Apple's new devices fail to wow


Changes to iPhone not enough, new iPad too big for investors.

Apple unveiled a new TV set top box that responds to voice commands and fresh iPhones that sense the pressure of a finger tap, but the changes underwhelmed many pundits and investors.

The new 6S and 6S Plus versions of the iPhone, Apple's biggest money maker, are the same size as the previous versions but come with a better camera, faster chips, new colors and the force-sensitive 3D Touch feature.

Speaking before thousands of analysts, journalists and Apple employees, CEO Tim Cook also brought on stage an executive from onetime archrival Microsoft to illustrate the business-friendly credentials of a big new iPad, the Pro.

Apple shares fell 1.9 percent to US$110.15 by the close, replicating the recent history of such rollouts but also reflecting the lack of any transformative products that could jumpstart the company's sales ahead of the crucial holiday season.

Apple shares have lost an average of 0.4 percent on the day of iPhone announcements over the past three years, according to BTIG Research data.

"People love to hate Apple announcements because the expectations are so high and they can never clear that bar," said Kevin Landis, portfolio manager of the Firsthand Technology Opportunities fund, which has Apple as its second-largest position.

Social media users seemed most impressed by the revamped Apple TV. The product, which the company long called a 'hobby', gets its own app store and will work with Siri, Apple's digital assistant.

Fewer celebrated the iPad Pro, which some saw as too big and similar to Microsoft's Surface tablet, and new iPhones, which are outwardly identical to the enlarged smartphones which made their debut about a year ago.

Apple TV demonstrations showed tricks to make viewing easier: digital assistant Siri, which is behind the voice control, can rewind a video for 15 seconds and turn on subtitles, when a viewer asks something like "What did she say"?

"We've been working really hard, and really long," on TV, Cook said, emphasising the word 'long' in a nod to the time it has taken the company to produce an ambitious TV product.

The new set-top box will include an app store and let developers create new software for Apple TV, including video games.

Absent from the new TV interface was any agreement for new content despite Apple's efforts to negotiate deals with a wider array of TV networks to provide live or on-demand content.

Apple is coming from behind in the streaming media market. Nearly 20 percent of US broadband households already own at least one media player that streams content from the internet, according to research firm Parks Associates.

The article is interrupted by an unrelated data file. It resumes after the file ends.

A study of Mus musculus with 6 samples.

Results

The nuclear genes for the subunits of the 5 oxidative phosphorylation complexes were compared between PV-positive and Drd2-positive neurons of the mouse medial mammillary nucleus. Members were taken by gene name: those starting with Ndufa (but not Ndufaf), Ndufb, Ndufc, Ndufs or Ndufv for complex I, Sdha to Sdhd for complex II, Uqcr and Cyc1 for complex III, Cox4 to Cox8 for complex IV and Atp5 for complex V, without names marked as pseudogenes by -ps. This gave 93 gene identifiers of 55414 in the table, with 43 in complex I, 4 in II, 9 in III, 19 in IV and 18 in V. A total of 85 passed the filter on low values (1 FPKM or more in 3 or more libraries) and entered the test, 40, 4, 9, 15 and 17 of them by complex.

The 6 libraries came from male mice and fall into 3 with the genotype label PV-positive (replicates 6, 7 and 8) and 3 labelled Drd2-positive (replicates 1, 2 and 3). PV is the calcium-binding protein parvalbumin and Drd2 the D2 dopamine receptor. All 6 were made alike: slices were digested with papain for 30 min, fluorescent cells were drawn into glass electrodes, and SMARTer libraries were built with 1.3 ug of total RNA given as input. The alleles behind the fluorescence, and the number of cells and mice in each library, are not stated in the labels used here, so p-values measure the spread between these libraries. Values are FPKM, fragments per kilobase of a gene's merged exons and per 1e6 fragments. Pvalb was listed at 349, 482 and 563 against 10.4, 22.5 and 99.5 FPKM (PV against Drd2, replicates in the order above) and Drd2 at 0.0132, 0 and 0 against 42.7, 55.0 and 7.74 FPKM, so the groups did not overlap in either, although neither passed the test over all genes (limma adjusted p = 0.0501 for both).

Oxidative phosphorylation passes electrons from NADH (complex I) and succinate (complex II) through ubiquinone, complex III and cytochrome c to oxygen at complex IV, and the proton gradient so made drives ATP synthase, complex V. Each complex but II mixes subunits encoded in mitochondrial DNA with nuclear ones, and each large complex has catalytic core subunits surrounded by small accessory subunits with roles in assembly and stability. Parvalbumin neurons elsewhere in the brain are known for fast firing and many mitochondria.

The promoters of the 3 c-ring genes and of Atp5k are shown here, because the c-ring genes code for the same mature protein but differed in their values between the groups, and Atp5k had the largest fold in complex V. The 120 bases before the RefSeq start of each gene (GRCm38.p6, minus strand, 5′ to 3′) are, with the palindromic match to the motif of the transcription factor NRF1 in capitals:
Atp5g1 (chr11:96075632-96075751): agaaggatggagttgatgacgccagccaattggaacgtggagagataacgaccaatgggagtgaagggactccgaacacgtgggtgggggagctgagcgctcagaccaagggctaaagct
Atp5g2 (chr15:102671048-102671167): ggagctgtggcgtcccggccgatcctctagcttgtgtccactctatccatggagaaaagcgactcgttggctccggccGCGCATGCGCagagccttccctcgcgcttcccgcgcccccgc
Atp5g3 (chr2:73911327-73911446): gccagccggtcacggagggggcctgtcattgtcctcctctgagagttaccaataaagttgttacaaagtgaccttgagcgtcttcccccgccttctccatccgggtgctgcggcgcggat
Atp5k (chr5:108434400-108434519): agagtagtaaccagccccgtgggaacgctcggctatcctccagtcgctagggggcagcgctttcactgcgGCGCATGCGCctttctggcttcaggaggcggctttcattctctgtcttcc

A stylus?

Many of Apple's new features are based on technology that has been around for some time, but never caught on. Apple has a long history of creating successes where others could not.

Years ago a BlackBerry featured force-sensing touch. The new iPad has an optional US$99 stylus, called the "Pencil", which amused pundits due to former Apple CEO Steve Jobs' 2007 comments that "nobody wants a stylus." d.

The iPad Pro - with its 12.9 inch screen-  promises performance similar to a desktop computer. 

Dave Meier, who works on several portfolios at Motley Fool Funds, said the addition of a stylus and keyboard to the iPad Pro could lead to a “refresh cycle” that would lift incremental sales.

He was “impressed with the gumption” to bring Microsoft executives to demonstrate Office products on the new iPad, he said.

“This says that the Surface might be dead and Microsoft understands that they are very good at productivity but not at hardware,” he said.

The new phones come a year after Apple rolled out iPhones with larger screens, touching off a frenzy of sales that saw revenue in the most recent quarter increase 32.5 percent from the same quarter a year ago.

"It's getting harder and harder for Apple to compete against itself," said analyst Bob O'Donnell of TECHnalysis Research. Apple shares are up about 12 percent over the last year, although they are down about 14 percent in the last three months.

Fortunately for Apple, most consumers buy smartphones under a two-year upgrade cycle, meaning the company will still likely scoop up a lot of sales, said analyst Patrick Moorhead of Moor Insights & Strategy.

"The key point of reference is not how the new phone compares to the iPhone 6, it's how it compares to the iPhone 5s," he said.